Analyst with market research firm CustomersDNA breaks down breakfast drivers
Quick-service restaurant chains looking to break into the market for— as Wendy’s and Taco Bell plans to do in 2012 — will need deep pockets for marketing and a strong coffee offering, researchers said.
Industry analyst Dave Jenkins, founder of market research and consulting firm CustomersDNA, shared key drivers for restaurants looking to enter a competitive scene during a conference call hosted by Bernstein Research on Thursday.
Jenkins noted that 64 percent of Americans visited a quick-service restaurant once for breakfast in 2011. That customer base is not expected to grow, he said, meaning quick-service brands will need to concentrate on frequent morning customers, especially “dual” customers who purchase food and a hot beverage — who average 11 restaurant visits per month.
“Changing [morning restaurant visit] habits is very difficult,” he said. “The more critical number is the 10 percent of the population that’s in the marketplace for breakfast on a weekly basis. They’re pretty consistent. I don’t see much movement in the expansion of breakfast [from 64 percent of all Americans].”
For Wendy’s, which has set a goal to get breakfast items into 1,000 U.S. locations in the near future, and Taco Bell, which just launched its First Meal menu to 750 units in 10 states, to succeed in breakfast, they must steal market share from McDonald’s, Subway, Starbucks Coffee and Dunkin’ Donuts, Jenkins said.
Doing so depends on marketing and coffee, he added.
In the past year in the quick-service breakfast market, “the big got bigger,” Jenkins said, noting that McDonald’s, Subway, Dunkin’ Donuts and Starbucks all increased morning sales and “fortified their breakfast and coffee businesses to protect themselves from each other.”
McDonald’s poured resources into hot coffee and its McCafe lineup to fend off Dunkin’ and Starbucks, while those coffee chains introduced new food offerings to cut into McDonald’s share. Subway built its breakfast market share to about 1.6 percent of the market, spending an estimated $50 million in advertising to do so, Jenkins said.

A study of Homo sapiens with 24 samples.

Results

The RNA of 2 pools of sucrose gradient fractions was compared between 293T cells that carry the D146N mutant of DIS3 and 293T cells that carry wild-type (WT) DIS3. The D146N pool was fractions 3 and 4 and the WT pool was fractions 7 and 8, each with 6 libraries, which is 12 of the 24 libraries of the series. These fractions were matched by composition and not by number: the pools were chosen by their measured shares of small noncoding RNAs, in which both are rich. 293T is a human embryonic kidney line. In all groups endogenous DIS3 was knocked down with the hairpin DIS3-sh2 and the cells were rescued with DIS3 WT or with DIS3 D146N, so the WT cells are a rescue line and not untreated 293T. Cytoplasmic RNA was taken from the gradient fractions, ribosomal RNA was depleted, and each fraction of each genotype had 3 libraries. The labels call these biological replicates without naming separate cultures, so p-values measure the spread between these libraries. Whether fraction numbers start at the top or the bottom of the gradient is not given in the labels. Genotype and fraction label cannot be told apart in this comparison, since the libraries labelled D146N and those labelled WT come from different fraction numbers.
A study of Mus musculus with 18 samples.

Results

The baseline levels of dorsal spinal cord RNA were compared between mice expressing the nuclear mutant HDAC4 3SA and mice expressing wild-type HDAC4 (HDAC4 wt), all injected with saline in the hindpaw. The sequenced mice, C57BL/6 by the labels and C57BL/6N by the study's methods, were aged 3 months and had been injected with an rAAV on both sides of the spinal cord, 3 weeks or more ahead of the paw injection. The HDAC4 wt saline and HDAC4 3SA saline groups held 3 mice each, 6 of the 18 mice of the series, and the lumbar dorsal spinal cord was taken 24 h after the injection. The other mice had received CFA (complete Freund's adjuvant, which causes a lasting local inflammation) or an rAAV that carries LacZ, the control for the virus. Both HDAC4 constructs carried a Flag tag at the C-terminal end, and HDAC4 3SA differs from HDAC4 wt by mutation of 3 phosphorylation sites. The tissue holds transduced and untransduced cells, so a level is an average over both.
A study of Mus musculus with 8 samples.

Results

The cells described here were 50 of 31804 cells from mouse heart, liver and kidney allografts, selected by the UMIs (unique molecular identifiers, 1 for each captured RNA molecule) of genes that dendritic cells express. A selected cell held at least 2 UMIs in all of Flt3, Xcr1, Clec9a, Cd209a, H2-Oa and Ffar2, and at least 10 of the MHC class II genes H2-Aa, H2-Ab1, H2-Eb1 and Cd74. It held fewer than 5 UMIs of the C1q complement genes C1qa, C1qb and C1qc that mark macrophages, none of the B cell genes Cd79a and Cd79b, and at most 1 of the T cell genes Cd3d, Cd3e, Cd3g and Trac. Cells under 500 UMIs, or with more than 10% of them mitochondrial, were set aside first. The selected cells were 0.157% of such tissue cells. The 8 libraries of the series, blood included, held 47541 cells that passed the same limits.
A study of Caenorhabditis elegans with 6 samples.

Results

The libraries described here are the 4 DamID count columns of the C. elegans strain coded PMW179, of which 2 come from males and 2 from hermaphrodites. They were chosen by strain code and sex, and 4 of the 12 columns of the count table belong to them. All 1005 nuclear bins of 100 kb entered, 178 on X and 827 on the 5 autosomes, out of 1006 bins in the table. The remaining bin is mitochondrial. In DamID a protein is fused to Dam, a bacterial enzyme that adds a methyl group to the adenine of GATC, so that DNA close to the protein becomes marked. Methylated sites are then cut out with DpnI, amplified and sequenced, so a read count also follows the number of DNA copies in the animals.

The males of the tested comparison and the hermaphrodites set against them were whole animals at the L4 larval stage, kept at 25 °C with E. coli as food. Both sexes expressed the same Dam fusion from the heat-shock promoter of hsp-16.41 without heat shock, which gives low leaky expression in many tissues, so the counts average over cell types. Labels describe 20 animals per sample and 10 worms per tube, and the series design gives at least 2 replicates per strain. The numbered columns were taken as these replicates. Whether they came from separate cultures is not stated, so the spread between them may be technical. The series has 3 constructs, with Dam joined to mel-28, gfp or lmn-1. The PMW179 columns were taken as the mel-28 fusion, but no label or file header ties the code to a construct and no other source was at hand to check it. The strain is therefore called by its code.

“It looks like many of the smaller chains and independents in the market — the people who weren’t doing all the advertising spending — lost breakfast market share,” Jenkins said. “Burger King lost some share as well. Marketing does work. You have to be out there all the time and persistent in getting your message through.”
He compared Wendy’s chances to successfully roll out breakfast with recent performance for Subway, which he estimated added between $35,000 and $45,000 per year to its average unit volume. Wendy’s has stated before that it is targeting $150,000 in incremental sales to its average unit volume of about $1.4 million.
Continued from page 1
Jenkins estimated that Subway’s advertising spurred trial from about 7 percent of the U.S. population at breakfast and encouraged about 14 repeat visits last year, which generated a per-person average check of an estimated $3.50 for the daypart. He then applied that formula to Wendy’s, assuming that Wendy’s menu would produce an average check of about $3.75 and that Wendy’s core customers would make about 12 breakfast visits on one year. Based on those assumptions, and the fact that Wendy’s has far fewer units than Subway — about 6,500 locations in the United States, compared with around 25,000 for Subway — Jenkins estimated that Wendy’s would need to reach and encourage trial from between 6 percent and 7 percent of the population to reach $150,000 in breakfast sales per unit.
“I have fewer concerns about generating the frequency, because once you get those customers, they start coming back,” Jenkins said. “Wendy’s also has the drive-thru, which is huge for the morning occasion.”
Strong brew needed
The key question for building trial and frequency for Wendy’s is whether its Redhead Roasters line of coffee would become a “destination product,” Jenkins said.
Dublin, Ohio-based Wendy’s breakfast test includes the Redhead Roasters line of hot and iced coffees, which also include espresso-based drinks and blended Frosty Roasters that come in mocha and caramel flavors. The breakfast menu also includes breakfast sandwiches and paninis, as well as baked goods served all day, including the Fresh Baked Oatmeal Bar, Cinna-Middles and the Cinnamon Crumb Muffin.
Taco Bell’s coffee provider in its rollout of First Meal is Seattle’s Best Coffee.
Though Jenkins did not address Taco Bell directly in his presentation, when asked what breakfast trends data might apply to the quick-service Mexican chain’s chances for success, he said Taco Bell’s core customer is very active in breakfast at other concepts, probably the same as the core customers for McDonald’s and Wendy’s.
“Those people coming to Taco Bell for lunch and dinner are frequent breakfast and hot-beverage customers, so Taco Bell’s question is, ‘What’s the unique offering?’” he said. “Also, how will Taco Bell drive loyalty through promotions and advertising?”
Taco Bell’s First Meal menu has several differentiated products, like a sausage-and-egg wrap similar to its Crunchwrap Supreme, as well as four kinds of breakfast burritos — two of which will be sold for 99 cents on the Why Pay More menu. Sweet breakfast offerings include Cinnabon Delights, four mini donuts flavored like cinnamon rolls and filled with cream.
Irvine, Calif.-based Taco Bell has 5,800 locations in the United States.